The European Union’s health chief told Europe on Friday not to panic over the threat of bird flu, saying the risk of the disease passing to humans from food was “very limited, non-existent”.
/ Source: Reuters

The European Union’s health chief told Europe on Friday not to panic over the threat of bird flu, saying the risk of the disease passing to humans from food was “very limited, non-existent”.

Health and Consumer Protection Commissioner Markos Kyprianou was responding to reports Italian poultry farmers said a “mass psychosis” based on unjustified fears about consuming poultry products had brought their industry close to collapse.

“It’s the consumers who are panicking, the farmers worry,” he told Reuters during a trip to Lithuania.

“Look at me, I eat eggs and chicken. The possibility of being infected through food is very limited, non-existent, (because) we have such high food hygiene measures in the European Union,” he said.

He made his comments on the day Romania confirmed its second case of bird flu. A heron found dead near the border with Moldova tested positive for the H5N1 flu virus.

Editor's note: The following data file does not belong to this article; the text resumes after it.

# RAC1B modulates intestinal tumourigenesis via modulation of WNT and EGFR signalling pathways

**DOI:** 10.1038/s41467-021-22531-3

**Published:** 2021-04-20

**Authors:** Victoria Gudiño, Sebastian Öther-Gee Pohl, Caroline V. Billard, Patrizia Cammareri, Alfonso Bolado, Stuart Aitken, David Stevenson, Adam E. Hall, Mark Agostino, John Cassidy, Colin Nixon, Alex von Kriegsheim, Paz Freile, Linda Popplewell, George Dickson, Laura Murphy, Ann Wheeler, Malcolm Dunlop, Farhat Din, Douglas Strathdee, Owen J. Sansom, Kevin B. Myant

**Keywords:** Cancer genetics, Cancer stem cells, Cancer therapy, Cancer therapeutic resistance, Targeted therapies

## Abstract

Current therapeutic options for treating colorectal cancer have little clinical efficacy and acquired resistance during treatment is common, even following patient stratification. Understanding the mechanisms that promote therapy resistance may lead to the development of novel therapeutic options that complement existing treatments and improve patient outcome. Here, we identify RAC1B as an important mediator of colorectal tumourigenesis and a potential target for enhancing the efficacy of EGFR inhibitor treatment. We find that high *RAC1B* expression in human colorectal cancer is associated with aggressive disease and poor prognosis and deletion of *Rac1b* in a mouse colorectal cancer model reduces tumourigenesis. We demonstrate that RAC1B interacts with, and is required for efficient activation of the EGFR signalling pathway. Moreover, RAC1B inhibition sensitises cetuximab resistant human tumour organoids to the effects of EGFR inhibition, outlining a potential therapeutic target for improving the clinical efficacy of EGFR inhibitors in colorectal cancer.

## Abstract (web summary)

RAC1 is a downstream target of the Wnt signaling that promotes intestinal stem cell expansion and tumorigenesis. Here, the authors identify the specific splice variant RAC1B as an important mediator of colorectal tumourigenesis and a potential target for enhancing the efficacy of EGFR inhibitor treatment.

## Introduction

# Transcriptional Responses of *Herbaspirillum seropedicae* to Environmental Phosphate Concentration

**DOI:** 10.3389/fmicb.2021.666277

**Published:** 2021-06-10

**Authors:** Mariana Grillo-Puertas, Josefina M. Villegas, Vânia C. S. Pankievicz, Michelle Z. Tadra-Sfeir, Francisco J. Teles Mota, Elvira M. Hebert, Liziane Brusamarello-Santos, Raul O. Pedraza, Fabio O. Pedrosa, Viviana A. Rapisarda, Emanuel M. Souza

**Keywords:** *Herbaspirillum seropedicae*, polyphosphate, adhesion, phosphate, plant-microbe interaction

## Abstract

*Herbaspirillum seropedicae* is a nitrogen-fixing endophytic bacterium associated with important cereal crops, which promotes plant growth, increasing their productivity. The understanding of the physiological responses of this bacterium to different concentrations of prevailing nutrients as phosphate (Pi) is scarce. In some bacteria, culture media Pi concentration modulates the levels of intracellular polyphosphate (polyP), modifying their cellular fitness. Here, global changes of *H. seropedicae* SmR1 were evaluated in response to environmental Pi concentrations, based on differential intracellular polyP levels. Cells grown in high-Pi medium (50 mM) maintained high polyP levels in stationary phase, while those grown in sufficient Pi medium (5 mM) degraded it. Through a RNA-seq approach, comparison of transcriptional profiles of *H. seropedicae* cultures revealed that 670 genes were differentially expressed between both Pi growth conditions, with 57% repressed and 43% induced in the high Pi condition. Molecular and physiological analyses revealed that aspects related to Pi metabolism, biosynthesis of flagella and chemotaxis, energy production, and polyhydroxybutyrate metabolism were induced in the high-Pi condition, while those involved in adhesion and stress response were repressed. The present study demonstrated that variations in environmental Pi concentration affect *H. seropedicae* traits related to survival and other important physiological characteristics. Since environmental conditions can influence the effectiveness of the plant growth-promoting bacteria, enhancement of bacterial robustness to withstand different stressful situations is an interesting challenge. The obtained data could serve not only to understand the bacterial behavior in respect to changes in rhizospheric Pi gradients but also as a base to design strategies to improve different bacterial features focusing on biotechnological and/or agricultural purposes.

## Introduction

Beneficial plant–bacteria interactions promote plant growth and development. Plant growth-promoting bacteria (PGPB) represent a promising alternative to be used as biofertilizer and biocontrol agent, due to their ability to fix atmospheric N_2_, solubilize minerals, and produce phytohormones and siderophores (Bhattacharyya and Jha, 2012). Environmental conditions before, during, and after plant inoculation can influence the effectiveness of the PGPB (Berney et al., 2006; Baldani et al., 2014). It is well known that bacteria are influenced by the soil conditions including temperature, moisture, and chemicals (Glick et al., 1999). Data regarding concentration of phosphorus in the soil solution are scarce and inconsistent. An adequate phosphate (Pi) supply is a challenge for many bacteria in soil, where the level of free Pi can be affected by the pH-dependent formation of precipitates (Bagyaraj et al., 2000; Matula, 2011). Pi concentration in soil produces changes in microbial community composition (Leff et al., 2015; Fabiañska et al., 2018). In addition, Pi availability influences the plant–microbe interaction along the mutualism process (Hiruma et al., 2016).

The deadly H5N1 avian flu strain has killed more than 60 people in four Asian countries and been found among birds in Croatia, Romania, Turkey and Russia. No human cases have been reported in Europe.

Greece and Germany are also testing dead birds.

Kyprianou said it was premature for him to comment on tests involving the specific case in Greece.

But he said he had wider concerns that fears about bird flu could unnecessarily hurt the European poultry industry.

Although Brussels had been told by scientists to prepare for a possible future pandemic, the EU was better prepared than any other region in the world.

Kyprianou said he could not exclude the possibility of other cases of bird flu occurring in Europe.

“Up until now in the European Union we haven’t had any cases in domestic poultry, only in migratory birds,” he said.

“But we cannot exclude the possibility of having them in domestic poultry and that should not shock or panic us.”